Mechanisms of memory stabilization and de-stabilization

Cristina Alberini, M. H. Milekic, S. Tronel

Research output: Contribution to journalArticle

Abstract

Memories become stabilized through a time-dependent process that requires gene expression and is commonly known as consolidation. During this time, memories are labile and can be disrupted by a number of interfering events, including electroconvulsive shock, trauma and other learning or the transient effect of drugs such as protein synthesis inhibitors. Once consolidated, memories are insensitive to these disruptions. However, they can again become fragile if recalled or reactivated. Reactivation creates another time-dependent process, known as reconsolidation, during which the memory is restabilized. Here we discuss some of the questions currently debated in the field of memory consolidation and reconsolidation, the molecular and anatomical requirements for both processes and, finally, their functional relationship.

Original languageEnglish (US)
Pages (from-to)999-1008
Number of pages10
JournalCellular and Molecular Life Sciences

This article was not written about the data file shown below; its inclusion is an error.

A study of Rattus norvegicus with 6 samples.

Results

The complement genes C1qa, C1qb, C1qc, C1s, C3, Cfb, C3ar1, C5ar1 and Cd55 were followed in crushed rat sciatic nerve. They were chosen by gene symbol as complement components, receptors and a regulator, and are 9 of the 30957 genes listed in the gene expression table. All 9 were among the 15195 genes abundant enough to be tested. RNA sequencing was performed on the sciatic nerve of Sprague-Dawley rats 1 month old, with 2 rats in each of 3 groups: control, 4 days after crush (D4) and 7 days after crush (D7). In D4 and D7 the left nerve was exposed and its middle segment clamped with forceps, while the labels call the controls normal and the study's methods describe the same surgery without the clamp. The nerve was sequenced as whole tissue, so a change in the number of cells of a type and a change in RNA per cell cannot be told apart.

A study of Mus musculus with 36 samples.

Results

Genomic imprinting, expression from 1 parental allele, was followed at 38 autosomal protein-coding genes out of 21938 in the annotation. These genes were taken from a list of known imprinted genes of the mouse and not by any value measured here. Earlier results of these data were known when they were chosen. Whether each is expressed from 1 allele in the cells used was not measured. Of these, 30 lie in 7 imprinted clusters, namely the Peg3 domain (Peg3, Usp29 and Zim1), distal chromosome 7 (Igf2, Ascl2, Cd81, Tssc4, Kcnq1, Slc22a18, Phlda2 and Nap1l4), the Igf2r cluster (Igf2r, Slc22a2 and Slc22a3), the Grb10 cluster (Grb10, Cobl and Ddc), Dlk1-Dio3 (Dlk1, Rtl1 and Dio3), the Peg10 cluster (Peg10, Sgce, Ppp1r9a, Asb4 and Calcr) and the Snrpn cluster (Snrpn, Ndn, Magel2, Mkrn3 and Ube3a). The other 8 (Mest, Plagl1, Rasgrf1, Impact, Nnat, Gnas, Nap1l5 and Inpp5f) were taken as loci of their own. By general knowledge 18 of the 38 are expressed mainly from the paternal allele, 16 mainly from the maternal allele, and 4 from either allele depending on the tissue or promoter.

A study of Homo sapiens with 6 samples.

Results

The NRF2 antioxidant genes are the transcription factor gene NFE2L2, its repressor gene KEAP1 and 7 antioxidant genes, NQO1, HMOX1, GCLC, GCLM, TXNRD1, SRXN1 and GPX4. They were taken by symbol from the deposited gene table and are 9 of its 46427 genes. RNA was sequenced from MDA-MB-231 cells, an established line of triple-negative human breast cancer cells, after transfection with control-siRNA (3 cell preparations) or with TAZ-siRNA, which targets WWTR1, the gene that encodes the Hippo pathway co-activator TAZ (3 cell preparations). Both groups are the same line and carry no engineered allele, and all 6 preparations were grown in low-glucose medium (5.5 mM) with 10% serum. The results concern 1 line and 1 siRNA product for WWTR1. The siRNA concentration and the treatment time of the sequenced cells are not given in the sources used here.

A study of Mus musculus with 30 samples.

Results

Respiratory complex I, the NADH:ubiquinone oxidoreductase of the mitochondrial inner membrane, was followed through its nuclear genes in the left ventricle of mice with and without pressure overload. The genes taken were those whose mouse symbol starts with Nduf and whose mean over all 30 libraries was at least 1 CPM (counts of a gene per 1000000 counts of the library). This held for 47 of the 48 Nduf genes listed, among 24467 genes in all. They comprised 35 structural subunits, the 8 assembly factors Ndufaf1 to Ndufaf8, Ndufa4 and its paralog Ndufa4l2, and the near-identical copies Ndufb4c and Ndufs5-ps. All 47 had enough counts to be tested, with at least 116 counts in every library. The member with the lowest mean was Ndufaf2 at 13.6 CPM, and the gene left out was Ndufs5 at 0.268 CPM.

Volume63
Issue number9
DOIs
StatePublished - May 2006

Data storage equipment
Consolidation
Electroshock
Protein Synthesis Inhibitors
Gene expression
Learning
Gene Expression
Wounds and Injuries
Pharmaceutical Preparations

Keywords

  • Amygdala
  • C/EBP
  • Consolidation
  • CREB
  • Hippocampus
  • Memory
  • Molecular mechanisms
  • Protein synthesis
  • Reconsolidation

ASJC Scopus subject areas

  • Biochemistry, Genetics and Molecular Biology(all)
  • Cell Biology

Cite this

Mechanisms of memory stabilization and de-stabilization. / Alberini, Cristina; Milekic, M. H.; Tronel, S.

In: Cellular and Molecular Life Sciences, Vol. 63, No. 9, 05.2006, p. 999-1008.

Research output: Contribution to journalArticle

Alberini, Cristina ; Milekic, M. H. ; Tronel, S. / Mechanisms of memory stabilization and de-stabilization. In: Cellular and Molecular Life Sciences. 2006 ; Vol. 63, No. 9. pp. 999-1008.